The Taliban's former ambassador to Pakistan, Abdul Salam Zaeef, was in U.S. custody Sunday aboard a Navy ship in the Arabian Sea, an American military official said.

U.S. officials hope Zaeef, one of the highest-ranking Taliban members taken captive since the U.S.-led coalition launched its war to crush the militia and its al-Qaida allies, will provide useful intelligence for the ongoing campaign.

Zaeef was the main mouthpiece for the Taliban as the United States prepared and launched its onslaught in Afghanistan last fall. During the height of the bombing campaign, he held daily news conferences at his embassy in Islamabad to defend the Taliban.

He was eventually shut down by Pakistan's government.

U.S. Marine Lt. James Jarvis told a news briefing at the Marine-controlled Kandahar airport that Zaeef was being held on a ship in the Arabian Sea. He is one of the first prisoners known to be taken directly to a U.S. ship rather than to a prison camp in Kandahar first.

Jarvis also said 25 new prisoners arrived Saturday night in Kandahar from Pakistan, where they were intercepted trying to flee, bringing the total to 300 at a specially constructed detention facility.

One prisoner at the facility is Ibn Al-Shayk al-Libi, the suspected chief of at least some of Osama bin Laden's al-Qaida training camps in Afghanistan. Though the exact number of training camps is not known, former Taliban members, who have asked not to be identified, have said there were camps in all of Afghanistan's 31 provinces.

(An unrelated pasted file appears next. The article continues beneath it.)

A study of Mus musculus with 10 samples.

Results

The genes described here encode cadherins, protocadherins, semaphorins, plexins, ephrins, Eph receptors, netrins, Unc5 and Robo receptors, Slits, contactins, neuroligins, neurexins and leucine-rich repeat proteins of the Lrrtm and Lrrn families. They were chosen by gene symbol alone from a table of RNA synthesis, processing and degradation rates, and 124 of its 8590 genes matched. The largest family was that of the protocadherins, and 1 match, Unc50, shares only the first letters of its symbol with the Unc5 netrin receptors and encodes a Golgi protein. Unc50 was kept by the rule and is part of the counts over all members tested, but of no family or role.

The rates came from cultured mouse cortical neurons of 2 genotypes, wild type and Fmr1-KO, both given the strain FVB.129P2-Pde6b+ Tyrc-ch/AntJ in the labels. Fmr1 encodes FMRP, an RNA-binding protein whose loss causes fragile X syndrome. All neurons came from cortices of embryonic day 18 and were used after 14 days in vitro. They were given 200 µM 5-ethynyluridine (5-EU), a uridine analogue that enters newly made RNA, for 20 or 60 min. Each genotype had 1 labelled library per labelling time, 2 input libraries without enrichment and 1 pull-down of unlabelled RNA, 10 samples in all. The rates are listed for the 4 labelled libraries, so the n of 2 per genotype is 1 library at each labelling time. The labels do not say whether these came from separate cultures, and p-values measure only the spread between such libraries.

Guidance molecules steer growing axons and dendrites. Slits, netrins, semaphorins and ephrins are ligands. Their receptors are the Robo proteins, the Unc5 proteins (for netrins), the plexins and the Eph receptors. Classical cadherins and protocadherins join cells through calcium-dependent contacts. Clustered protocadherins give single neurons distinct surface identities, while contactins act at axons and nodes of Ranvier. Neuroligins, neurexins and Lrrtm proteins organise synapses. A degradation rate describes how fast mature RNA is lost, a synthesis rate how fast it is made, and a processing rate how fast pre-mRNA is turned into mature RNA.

U.S. officials hope high-ranking Taliban and al-Qaida members will prove valuable for gathering information on the organizations.

"The big question, of course, is: Will they talk?" former CIA terrorism analyst Stan Beddington said Saturday. "If they are able to talk, I have no doubt whatsoever they will give a lot of information, particularly in the search for bin Laden."

Jarvis said the prisoners at the airport are being interrogated for information on al-Qaida in the area.

Zaeef was arrested Thursday by Pakistani authorities and taken to the border town of Peshawar and questioned. Pakistan said he was deported Saturday to Afghanistan, but refused to say whether he had been turned over to Afghan or American authorities.

Pakistan, one of only three countries that recognized the Taliban as the government of Afghanistan after they took control in 1996, said Zaeef lost his diplomatic immunity when Taliban rule collapsed under the pressure of the U.S. and anti-Taliban Afghan military campaign and the interim administration of Prime Minister Hamid Karzai came to power.

The U.N. High Commissioner for Refugees rejected Zaeef's application for refugee status. Pakistan has said his wife and six children can remain in the country for a while.